It was a balmy day in Wyoming on July 24 1997, when Amy Bechtel went for her afternoon run. For Amy, an athletic and strong distance runner, this was nothing out of the ordinary. Enrolled in an upcoming 10km, she even had hopes to compete in the 2000 Olympics. But after this particular day, the promising 24-year-old would never be seen again.
Amy's to-do list was a long one that morning, with a children's fitness class to teach, utility companies to call and photos to be framed. Her final stop before her run was at Gallery 331, where the owner noted she seemed in something of a hurry, and from there she headed to Shoshone National Forest. A sprawling forestland of mostly untouched wilderness, Shoshone covers almost 2.5 million acres of ground and is home to over 1300 miles of trails. Home to hundreds of bears and cougars, it is a place of danger as well as beauty, with the kind of wholesome American scenery you might normally find on a postcard.
When Amy had not returned home by 10:30 that night, her husband Steve reported her missing. The young couple had been married for just over a year, and by all accounts had a relationship to match their picture-perfect town. A search and rescue team was immediately arranged, and in less than 3 hours Amy's white Toyota was discovered. Parked up beside a mountain road, the car was unlocked, the keys under Amy's long to-do list sat on top of the passenger's seat. Assuming she had gotten lost or injured, Steve rallied up some friends and, along with the deputies, searched fruitlessly through the night. By day three, over a hundred people aided by dogs, horses, ATVs and helicopters were searching the 30 mile radius around Amy's abandoned car.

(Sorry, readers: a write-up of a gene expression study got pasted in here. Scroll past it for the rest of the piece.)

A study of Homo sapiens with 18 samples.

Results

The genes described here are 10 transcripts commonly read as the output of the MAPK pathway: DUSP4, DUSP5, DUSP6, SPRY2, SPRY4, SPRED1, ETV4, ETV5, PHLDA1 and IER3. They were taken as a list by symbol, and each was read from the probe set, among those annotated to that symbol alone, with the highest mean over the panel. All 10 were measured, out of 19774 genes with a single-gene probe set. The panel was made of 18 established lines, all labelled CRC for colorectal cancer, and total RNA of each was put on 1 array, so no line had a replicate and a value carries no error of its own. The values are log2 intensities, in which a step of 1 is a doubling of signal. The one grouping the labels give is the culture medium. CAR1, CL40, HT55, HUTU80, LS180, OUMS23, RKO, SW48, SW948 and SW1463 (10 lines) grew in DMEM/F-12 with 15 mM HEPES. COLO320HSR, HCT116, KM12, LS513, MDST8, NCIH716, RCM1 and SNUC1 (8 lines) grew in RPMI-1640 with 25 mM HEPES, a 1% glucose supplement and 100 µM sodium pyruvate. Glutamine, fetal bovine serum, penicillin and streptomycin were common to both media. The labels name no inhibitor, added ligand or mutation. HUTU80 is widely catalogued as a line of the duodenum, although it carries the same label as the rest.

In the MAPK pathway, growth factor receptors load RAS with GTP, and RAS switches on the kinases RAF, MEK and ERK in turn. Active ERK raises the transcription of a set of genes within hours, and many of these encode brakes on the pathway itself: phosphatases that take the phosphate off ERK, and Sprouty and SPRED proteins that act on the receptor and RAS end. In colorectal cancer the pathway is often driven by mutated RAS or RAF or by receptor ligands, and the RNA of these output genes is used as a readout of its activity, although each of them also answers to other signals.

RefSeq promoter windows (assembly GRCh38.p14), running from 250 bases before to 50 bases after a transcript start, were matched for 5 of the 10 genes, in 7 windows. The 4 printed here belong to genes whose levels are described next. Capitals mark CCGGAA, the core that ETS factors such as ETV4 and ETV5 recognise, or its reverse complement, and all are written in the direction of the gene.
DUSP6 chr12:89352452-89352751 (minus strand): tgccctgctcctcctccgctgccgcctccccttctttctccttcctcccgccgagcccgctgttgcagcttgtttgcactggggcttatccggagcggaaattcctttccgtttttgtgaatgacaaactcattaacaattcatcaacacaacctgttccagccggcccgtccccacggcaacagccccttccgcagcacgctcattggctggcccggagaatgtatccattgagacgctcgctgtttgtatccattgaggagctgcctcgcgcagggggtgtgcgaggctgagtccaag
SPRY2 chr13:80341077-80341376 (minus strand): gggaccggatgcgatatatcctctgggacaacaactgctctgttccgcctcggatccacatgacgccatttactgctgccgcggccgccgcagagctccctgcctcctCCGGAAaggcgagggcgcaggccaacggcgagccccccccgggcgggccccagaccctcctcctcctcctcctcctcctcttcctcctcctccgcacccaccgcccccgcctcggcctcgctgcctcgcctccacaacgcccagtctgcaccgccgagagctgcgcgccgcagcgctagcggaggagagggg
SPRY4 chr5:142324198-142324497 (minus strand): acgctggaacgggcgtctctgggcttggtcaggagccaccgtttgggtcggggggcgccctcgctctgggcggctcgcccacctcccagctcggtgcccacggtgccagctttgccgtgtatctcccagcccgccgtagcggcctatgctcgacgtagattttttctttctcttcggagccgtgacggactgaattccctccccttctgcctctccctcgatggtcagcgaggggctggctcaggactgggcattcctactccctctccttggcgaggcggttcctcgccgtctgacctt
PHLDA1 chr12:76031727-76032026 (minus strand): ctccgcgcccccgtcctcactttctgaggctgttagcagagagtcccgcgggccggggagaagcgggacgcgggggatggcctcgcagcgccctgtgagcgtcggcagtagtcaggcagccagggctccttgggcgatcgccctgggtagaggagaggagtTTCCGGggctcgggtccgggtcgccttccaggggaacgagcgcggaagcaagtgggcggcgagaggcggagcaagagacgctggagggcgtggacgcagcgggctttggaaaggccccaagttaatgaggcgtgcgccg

As time passed and there still no sign of Amy, police began to take a closer look at Steve Bechtel. Public suspicion was fuelled when it was revealed that not only had Steve refused to take a lie detector test, but that detectives had also uncovered some troubling journal entries depicting male dominance and violence towards women. However, Steve had a solid alibi, having been rock climbing with a friend almost 80 miles away. The journal entries, he claimed, were lyrics for his band.
An attractive, white, middle class woman, Amy's disappearance garnered significant media attention, and at one point the police were receiving around 1000 calls a day of potential tips and hazy eyewitness accounts. Yet over 20 years later, there is not a single shred of physical evidence that can tell us what became of Amy Bechtel. In the community's initial optimism that this was a simple case of a missing runner, it took a full week before the area was declared a crime scene. Added to that an intense focus on Steve, and the police investigation was compromised from the start.
One of the thousands of tips was called in by Richard Eaton, who reported that his brother Dale would often camp in the area where Amy was found. If it were anyone else, this may have seemed insignificant, but Dale Eaton was a prime suspect in the Great Basin Murders, a series of brutal killings where female victims were sexually assaulted and murdered before being dumped along remote highways. DNA taken from a 1998 arrest would eventually link Dale Eaton to the rape and stabbing of 18-year-old Lisa Marie Kimmell. A search of Eaton's house, just an hour and 45 minutes from Amy's hometown of Lander, uncovered Kimmell's car buried on his property, along with women's clothing, purses, and newspaper articles concerning other murders.
Convicted of Kimmell's murder in 2004, Dale Eaton was subsequently found guilty and sentenced to death, though this was overturned in 2014. Now serving a life sentence plus 50 years, Eaton will spend the rest of his days in Wyoming State Penitentiary. He has refused to ever discuss the case of Amy Wroe Bechtel.
Who do you think is responsible for Amy's disappearance? Let us know your thoughts in the comments below.